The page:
What to Consider Before Filing a Patent
This blog has since been updated with new information
What is eligible for patent protection?
In the U.S., what is known as a "general utility patent" or what most people typically imagine a patent to be, protects the use and function of an invention. Processes, machines, articles of manufacture and compositions of matter are all patent eligible. You cannot get a patent for an abstract idea or something that you discover in nature; you have to have a true physical invention or a process that creates a transformation of some kind in order to be eligible.
When should I be thinking about filing for a patent?
As good as an idea may be, it is not considered an invention until it has been “reduced to practice” which for most mechanical inventions means creating a working prototype. At that time, you can fill out a patent application for your invention. The prototype requirement is beneficial because if changes are made while in the testing phases, you could ultimately end up filing a patent for something you decide not to do.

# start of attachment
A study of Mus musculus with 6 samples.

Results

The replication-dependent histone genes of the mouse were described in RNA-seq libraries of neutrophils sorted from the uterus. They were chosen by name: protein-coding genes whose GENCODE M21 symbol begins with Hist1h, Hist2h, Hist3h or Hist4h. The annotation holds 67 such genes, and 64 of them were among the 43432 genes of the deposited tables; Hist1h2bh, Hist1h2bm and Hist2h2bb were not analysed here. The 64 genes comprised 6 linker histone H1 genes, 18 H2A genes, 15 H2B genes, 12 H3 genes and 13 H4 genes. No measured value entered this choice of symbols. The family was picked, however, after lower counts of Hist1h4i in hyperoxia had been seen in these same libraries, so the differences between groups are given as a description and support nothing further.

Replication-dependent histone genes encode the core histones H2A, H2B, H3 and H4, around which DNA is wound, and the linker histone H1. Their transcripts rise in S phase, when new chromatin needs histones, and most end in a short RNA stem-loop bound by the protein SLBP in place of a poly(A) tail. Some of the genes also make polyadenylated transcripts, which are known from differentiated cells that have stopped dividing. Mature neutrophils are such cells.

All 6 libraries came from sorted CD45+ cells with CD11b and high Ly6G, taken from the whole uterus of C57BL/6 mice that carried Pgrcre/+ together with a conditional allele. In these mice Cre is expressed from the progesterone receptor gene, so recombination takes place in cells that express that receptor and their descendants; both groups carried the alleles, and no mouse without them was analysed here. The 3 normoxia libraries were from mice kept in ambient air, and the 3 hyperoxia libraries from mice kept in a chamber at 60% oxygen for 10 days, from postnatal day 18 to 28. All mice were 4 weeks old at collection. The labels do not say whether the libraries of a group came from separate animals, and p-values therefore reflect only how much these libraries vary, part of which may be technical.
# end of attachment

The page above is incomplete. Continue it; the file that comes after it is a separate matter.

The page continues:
One thing to consider before filing for a patent is to do a patent search. You can use the United States Patent and Trademark Office website at uspto.gov to search their database and find out if the invention already exists.
Foster Swift intellectual property attorney Zach Behler sat down with Michigan Business Network's Chris Holman on an episode of Michigan Business Beat podcast to discuss:
- What kind of inventions are eligible for patent protection?
- When should I think about filing for a patent application?
- Is there anything I can do on my own before I call a patent attorney?
Please note that this recording is for general information purposes and IS NOT LEGAL ADVICE. If you seek legal counsel or need help in determining how this information applies to a specific situation, contact a Foster Swift intellectual property attorney before taking any action.